Phishing emails sent to UNE student emails: What to be aware of and steps to take if you did click!

Published On June 11, 2020 | By Alana | General News, Latest News, News

UNE students are currently receiving a scam email with the email body “Take action before Wednesday” like the example below. The email is designed to steal user credentials (username and password).


If you receive an email like the above, this is not a legitimate email, please delete this and empty your deleted emails folder. 

If you have clicked on the link and entered your username and password, please change your password immediately via the myUNE portal. If you need assistance changing your password, please contact the IT Service Desk via the portal at or on 02 6773 5000 between 8:30am-8pm weekdays or between 9am-5pm on weekends. 

If you use your UNE password to access other services (within or external to UNE) we recommend that you also change those passwords immediately and remember to always use unique passwords for every online account.

It’s important to remember that phishing emails are not limited to those above and you should always be vigilant in checking the authenticity of an email or web address before you input your log in details. 

If you’re not sure whether an email you have received is genuine, please contact the IT Service Desk for assistance. 


  1. Andrew says:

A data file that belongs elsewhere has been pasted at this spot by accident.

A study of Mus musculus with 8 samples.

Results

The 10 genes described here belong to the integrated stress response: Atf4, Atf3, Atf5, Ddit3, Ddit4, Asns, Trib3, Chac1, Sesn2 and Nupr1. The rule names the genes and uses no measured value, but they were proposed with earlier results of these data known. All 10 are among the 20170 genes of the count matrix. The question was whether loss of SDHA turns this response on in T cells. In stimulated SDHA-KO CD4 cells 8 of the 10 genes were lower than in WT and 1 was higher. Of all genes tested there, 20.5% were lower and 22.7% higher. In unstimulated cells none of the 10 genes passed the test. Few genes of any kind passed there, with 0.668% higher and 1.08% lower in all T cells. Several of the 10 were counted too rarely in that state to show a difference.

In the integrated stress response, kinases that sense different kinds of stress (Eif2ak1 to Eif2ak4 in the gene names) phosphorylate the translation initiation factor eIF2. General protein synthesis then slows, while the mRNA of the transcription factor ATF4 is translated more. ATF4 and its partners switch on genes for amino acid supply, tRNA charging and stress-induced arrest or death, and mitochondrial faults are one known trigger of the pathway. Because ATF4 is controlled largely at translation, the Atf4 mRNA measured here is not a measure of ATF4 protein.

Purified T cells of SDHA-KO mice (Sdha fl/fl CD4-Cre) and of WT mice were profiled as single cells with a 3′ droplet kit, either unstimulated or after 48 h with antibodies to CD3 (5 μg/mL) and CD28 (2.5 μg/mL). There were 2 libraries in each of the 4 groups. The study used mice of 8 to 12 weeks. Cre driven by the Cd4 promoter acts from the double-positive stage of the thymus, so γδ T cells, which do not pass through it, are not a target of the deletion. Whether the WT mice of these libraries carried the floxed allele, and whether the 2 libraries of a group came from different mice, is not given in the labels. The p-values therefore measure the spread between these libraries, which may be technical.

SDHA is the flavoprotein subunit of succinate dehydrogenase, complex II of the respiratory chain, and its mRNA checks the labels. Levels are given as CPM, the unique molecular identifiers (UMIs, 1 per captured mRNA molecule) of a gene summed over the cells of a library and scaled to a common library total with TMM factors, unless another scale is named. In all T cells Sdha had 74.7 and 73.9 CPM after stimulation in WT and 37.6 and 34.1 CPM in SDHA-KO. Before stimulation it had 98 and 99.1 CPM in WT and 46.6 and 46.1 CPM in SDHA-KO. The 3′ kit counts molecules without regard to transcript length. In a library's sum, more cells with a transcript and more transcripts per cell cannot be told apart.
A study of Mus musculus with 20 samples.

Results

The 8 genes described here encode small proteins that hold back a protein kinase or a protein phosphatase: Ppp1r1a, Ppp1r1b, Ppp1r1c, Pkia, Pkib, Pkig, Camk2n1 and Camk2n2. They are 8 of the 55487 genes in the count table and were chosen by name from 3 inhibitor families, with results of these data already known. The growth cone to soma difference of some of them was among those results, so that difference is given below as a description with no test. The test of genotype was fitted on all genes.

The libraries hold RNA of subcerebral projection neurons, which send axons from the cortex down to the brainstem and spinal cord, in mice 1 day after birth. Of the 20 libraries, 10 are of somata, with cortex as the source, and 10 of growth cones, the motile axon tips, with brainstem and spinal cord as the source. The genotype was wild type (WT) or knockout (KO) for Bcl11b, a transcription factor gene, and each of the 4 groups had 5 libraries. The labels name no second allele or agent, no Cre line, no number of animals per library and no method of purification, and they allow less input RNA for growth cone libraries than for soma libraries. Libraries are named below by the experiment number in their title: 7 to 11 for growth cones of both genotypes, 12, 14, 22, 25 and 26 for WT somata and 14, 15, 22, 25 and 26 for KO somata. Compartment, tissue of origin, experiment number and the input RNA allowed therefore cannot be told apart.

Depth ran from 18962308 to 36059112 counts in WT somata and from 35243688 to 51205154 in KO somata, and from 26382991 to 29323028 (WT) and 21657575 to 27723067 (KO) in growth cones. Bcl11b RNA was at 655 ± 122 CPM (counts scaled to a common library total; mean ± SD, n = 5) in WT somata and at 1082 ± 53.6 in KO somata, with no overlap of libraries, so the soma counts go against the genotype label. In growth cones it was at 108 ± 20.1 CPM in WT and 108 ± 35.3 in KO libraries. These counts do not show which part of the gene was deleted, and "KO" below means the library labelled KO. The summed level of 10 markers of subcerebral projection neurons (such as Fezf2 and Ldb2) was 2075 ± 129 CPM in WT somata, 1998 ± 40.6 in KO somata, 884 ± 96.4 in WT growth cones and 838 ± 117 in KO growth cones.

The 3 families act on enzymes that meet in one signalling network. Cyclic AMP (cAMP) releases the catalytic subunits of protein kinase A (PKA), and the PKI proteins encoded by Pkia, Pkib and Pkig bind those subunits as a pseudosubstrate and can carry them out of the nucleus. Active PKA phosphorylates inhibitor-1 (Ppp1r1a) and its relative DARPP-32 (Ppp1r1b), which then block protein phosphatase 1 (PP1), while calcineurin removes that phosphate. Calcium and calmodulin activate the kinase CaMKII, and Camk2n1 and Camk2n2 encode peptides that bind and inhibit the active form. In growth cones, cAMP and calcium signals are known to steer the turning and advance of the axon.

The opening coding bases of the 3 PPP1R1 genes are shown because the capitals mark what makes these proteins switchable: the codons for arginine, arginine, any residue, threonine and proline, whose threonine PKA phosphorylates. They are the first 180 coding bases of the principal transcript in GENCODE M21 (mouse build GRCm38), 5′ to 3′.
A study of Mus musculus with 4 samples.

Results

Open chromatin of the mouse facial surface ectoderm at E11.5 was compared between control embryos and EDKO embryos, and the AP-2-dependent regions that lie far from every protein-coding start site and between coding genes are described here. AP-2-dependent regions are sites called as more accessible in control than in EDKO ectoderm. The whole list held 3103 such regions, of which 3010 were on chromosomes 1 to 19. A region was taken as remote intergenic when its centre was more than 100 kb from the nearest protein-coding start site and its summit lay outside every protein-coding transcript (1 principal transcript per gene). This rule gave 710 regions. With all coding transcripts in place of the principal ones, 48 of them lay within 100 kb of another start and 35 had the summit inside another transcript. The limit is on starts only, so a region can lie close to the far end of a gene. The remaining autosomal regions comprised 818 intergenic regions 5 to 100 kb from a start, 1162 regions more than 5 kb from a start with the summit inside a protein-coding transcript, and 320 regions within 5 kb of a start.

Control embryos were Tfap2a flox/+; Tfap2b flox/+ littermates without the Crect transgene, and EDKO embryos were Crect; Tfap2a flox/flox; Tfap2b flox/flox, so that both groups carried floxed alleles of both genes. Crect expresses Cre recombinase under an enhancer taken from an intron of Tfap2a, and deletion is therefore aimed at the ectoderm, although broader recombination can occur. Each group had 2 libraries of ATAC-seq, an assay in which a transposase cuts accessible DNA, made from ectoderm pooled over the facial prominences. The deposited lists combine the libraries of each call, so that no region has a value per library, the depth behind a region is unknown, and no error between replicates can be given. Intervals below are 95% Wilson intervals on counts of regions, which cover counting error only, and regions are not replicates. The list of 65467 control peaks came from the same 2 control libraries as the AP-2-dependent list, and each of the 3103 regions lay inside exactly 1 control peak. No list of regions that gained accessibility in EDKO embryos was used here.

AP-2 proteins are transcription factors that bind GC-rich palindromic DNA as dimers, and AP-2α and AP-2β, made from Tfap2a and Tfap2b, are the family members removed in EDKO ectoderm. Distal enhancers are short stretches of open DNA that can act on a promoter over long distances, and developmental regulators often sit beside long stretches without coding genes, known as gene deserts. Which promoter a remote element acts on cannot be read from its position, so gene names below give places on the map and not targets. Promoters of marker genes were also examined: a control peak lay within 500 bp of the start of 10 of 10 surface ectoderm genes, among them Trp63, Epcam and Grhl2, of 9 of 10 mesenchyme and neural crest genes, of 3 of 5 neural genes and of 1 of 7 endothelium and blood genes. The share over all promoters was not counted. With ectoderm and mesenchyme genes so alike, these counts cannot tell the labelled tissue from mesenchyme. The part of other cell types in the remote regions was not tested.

I got another one from Subject heading “Exam questions due tonight” with a single red button that said “Read message”

    • Alana says:

      Hi Andrew,
      Thank you for letting us know! We will pass this information on to our IT department. Please don’t hesitate to get in contact with them by calling 02 6773 2000 if you receive any other emails you are worried about.
      – Alana

  2. S. says:

    Possibly ProctorU. Just saying.

  3. Ben N says:

    My class COSC101 T1 received a similar email for a Slack invite, with the Red read message.
    It appears the attempt is to acquire everyone’s MS 365 account, has the login prompt is quite close to that of the 365 login prompt.
    The domain for this link is:
    The subdomain is UNE reflective:

    Since the subject was relative to a Slack invite, to which is a closed invite amonst the students including myself, I suspect whoever is doing this is or was a Student, how else would the spammer know that COSC101 uses Slack for communications?